Dispatchers at the Office of Emergency Management train for things like earthquakes and power outages. They say their backup plan worked and people who called 911 Tuesday wouldn't have known what was happening on the other end of the phone.
On a typical day inside San Francisco's Office of Emergency Management Operators take 911 calls and plug information into a computer. Those details are passed along to police and fire, but yesterday there was an outage.
"Our computer aided system, our CAD system, experienced a failure for about two hours," said Robert Smuts, deputy director of the Department of Emergency Management.
At 5&6: Computer aided dispatch (CAD) in SF down for 2 hrs yesterday. 911 calls taken w pencil & paper. How this impacted emer response.— ElissaABC7 (@ElissaABC7) December 23, 2015
This happened during the busy afternoon from 3 to 5 p.m. The computer system went dark. The office gets roughly 3,400 calls a day, everything from fires, to medical emergency, car crashes and shootings.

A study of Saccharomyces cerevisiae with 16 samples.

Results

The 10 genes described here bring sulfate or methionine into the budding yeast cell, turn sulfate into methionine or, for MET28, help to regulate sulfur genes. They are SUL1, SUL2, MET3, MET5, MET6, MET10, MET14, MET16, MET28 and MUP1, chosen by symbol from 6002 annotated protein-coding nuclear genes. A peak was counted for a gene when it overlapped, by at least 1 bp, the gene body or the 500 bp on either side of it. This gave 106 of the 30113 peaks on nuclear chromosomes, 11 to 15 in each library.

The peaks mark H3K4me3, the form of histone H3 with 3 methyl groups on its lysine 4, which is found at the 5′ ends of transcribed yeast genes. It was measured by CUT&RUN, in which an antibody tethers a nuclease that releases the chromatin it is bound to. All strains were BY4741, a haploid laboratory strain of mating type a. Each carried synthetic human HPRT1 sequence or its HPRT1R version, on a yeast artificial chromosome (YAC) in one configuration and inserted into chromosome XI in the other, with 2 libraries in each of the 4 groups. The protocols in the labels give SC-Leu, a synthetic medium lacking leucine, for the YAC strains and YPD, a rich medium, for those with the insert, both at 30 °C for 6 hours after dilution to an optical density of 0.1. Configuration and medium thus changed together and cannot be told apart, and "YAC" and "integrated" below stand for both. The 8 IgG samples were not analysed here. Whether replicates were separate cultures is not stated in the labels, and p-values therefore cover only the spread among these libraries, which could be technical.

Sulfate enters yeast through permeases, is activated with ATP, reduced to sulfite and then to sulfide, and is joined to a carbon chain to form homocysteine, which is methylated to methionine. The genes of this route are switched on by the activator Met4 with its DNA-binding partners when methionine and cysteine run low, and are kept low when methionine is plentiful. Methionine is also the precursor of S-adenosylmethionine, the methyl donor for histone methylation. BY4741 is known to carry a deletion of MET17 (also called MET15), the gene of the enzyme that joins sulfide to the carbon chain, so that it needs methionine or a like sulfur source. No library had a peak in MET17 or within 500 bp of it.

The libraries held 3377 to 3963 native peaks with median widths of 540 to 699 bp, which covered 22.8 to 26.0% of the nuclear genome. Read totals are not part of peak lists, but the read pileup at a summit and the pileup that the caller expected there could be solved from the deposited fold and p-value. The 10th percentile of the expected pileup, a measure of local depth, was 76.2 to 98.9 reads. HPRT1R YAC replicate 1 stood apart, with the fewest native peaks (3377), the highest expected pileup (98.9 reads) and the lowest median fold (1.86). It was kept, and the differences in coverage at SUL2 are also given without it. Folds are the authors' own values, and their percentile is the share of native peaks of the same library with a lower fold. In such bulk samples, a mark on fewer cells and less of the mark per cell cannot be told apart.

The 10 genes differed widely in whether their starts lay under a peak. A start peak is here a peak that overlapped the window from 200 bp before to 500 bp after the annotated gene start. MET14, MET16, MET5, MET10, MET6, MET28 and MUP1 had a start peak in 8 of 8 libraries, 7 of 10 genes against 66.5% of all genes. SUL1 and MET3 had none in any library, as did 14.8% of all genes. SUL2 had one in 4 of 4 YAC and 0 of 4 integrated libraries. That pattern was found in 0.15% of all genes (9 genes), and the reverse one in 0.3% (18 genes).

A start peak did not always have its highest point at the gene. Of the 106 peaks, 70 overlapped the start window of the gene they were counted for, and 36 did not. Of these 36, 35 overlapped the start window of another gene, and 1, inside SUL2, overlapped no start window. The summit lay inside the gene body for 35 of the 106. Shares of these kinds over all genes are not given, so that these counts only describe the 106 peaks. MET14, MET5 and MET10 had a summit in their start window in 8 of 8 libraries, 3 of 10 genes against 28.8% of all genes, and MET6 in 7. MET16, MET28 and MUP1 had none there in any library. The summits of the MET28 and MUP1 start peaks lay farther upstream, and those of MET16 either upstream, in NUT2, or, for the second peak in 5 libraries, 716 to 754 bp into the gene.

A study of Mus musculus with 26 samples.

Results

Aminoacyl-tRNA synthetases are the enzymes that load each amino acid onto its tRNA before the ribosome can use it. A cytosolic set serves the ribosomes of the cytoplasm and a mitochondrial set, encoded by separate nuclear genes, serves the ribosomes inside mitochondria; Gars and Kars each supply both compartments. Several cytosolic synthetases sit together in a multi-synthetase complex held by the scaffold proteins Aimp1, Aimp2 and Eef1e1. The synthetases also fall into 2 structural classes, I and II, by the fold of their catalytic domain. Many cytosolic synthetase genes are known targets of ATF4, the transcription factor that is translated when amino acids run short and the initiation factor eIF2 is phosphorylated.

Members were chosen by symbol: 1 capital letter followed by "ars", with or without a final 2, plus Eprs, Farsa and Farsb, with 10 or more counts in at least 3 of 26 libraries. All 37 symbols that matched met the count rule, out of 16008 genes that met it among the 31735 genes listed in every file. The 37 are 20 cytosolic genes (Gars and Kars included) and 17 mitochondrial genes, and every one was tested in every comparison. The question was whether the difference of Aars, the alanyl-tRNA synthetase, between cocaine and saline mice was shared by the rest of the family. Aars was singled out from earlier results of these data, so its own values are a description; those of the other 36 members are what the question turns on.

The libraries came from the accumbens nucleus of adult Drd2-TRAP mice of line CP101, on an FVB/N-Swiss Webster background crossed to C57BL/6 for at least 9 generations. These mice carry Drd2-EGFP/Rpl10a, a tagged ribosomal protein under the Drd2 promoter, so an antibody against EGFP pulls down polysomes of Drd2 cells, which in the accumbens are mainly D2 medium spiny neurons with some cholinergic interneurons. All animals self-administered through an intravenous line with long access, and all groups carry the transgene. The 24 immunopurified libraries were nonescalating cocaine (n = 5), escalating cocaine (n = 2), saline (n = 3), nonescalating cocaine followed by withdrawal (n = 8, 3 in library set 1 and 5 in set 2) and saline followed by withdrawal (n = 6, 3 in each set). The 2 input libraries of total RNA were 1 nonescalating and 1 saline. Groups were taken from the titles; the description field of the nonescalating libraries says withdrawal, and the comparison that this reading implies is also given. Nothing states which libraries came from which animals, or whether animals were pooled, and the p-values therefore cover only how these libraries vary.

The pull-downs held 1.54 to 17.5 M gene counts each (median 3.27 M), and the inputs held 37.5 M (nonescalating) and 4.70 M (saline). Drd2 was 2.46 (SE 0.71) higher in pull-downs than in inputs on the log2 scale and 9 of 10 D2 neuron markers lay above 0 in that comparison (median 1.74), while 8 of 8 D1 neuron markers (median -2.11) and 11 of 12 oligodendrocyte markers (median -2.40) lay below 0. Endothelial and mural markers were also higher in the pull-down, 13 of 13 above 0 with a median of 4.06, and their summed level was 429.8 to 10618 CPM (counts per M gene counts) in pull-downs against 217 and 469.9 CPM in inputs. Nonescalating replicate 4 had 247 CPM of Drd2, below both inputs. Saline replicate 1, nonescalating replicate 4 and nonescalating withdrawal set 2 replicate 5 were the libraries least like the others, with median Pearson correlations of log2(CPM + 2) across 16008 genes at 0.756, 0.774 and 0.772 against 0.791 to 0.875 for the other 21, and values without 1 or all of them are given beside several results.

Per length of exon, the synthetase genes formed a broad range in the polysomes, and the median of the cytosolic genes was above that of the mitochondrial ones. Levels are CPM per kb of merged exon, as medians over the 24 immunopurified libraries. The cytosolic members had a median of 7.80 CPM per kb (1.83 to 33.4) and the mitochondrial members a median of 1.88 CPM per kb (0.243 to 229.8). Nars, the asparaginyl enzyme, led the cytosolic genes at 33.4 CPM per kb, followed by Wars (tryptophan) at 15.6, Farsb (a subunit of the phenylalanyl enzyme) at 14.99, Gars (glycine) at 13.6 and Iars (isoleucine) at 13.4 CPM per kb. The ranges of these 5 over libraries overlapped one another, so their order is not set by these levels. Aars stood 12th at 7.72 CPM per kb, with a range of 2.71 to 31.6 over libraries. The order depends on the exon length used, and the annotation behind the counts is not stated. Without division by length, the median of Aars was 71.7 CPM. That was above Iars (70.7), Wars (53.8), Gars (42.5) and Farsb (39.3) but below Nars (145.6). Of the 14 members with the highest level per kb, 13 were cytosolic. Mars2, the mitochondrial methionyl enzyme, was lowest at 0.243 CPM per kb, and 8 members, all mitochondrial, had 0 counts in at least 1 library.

"Yesterday we had to resort to our backup system, our manual mode, which is paper and pencils, the way things used to be done," Smuts said.
They had staff running those hand written notes across the room where radio operators contacted emergency crews. Fire dispatch used a 50-year-old peg board to track engine companies.
"You know the peg board is a little slower than the computers we were able to get out the dispatches out in a timely manner," said San Francisco battalion Chief Bill Storti.
Storti says they routinely have drills and train for this sort of thing. Cad has gone down in the past. This is the first time since a new system was installed in 2014. The IT department is investigating what caused the failure.